The three-hour ADAP student curriculum employs multiple teaching formats including:

  • Interactive lectures and discussions
  • Video of teenagers describing their experiences with depression and bipolar disorder
  • Homework and video assignments to reinforce key points
  • Group interactive activities to teach the key message that depression is a common, treatable, medical illness

The students are given a pre-test (the ADKQ) prior to the program and a follow-up post-test six weeks after the program in order to determine if they are gaining critical knowledge about depression. These knowledge assessments are anonymous and allow us to provide valuable feedback to collaborating schools about student knowledge change.

Since its inception in 1999, ADAP has trained over 3,001 health and school-based professionals and taught over 114,000 high school students. Moving forward, ADAP will continue to train health and school-based professionals in order to implement the program in schools nationwide.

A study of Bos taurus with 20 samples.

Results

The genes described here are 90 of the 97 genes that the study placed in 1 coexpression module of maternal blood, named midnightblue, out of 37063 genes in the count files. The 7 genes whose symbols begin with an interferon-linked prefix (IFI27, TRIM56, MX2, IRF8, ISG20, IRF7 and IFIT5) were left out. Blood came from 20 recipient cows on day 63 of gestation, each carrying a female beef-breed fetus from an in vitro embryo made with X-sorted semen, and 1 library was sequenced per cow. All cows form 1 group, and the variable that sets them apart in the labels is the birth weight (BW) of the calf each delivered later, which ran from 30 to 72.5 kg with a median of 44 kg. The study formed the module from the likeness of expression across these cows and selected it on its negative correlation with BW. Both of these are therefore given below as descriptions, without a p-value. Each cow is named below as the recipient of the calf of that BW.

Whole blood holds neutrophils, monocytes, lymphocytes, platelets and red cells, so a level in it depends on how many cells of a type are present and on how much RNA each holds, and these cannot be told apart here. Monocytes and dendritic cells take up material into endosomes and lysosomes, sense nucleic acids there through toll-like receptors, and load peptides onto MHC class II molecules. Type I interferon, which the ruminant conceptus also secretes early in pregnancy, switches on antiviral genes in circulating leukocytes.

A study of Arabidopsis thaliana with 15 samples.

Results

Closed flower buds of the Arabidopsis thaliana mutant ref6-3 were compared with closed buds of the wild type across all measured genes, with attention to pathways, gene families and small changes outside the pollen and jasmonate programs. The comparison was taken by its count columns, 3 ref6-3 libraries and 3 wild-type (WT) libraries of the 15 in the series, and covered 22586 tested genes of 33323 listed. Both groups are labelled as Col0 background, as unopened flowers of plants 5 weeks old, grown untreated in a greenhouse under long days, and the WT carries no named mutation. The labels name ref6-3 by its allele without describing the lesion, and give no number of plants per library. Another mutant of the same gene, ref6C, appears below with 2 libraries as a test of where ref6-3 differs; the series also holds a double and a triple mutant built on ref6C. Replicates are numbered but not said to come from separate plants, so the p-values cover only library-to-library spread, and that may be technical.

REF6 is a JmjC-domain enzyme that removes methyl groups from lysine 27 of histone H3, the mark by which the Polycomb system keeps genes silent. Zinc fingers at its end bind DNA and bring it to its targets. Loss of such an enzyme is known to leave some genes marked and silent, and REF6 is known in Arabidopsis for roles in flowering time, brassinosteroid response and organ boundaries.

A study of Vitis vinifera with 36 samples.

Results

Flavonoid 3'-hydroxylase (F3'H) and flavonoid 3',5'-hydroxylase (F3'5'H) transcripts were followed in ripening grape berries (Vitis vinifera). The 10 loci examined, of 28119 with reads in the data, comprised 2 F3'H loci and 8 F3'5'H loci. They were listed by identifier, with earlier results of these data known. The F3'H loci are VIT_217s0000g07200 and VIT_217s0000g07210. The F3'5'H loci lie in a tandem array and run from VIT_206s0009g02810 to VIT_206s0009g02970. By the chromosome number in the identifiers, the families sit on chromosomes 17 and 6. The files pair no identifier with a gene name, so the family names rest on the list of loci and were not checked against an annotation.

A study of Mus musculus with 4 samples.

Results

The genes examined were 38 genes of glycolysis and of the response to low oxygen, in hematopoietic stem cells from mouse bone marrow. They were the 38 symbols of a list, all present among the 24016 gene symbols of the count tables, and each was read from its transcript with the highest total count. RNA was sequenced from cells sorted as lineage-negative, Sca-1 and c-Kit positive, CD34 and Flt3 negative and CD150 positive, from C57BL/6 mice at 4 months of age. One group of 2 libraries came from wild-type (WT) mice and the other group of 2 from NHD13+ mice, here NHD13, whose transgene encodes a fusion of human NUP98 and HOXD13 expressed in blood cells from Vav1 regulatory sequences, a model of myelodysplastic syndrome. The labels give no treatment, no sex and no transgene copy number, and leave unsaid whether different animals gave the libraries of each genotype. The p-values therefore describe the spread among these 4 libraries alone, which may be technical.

Swartz K, Musci R, Beaudry M, Heley K, Miller L, Alfes C, Townsend L, Thornicroft G, Wilcox H. School-based curriculum to improve depression literacy among US secondary school students: A randomized effectiveness trial. American Journal of Public Health. 2017 Dec; 107(12): 1970-1976.

Swartz KL, Kastelic EA, Hess SG, Cox TS, Gonzales LC, Mink SP, DePaulo JR. The effectiveness of a school-based adolescent depression education program. Health Education and Behavior.  2010 Feb; 37(1): 11-22.

Hess SG, Cox TS, Gonzales LC, Kastelic EA, Mink SP, Rose LE, Swartz KL. A survey of adolescents' knowledge about depression.  Archives of Psychiatric Nursing. 2004 Dec;18(6):228-34.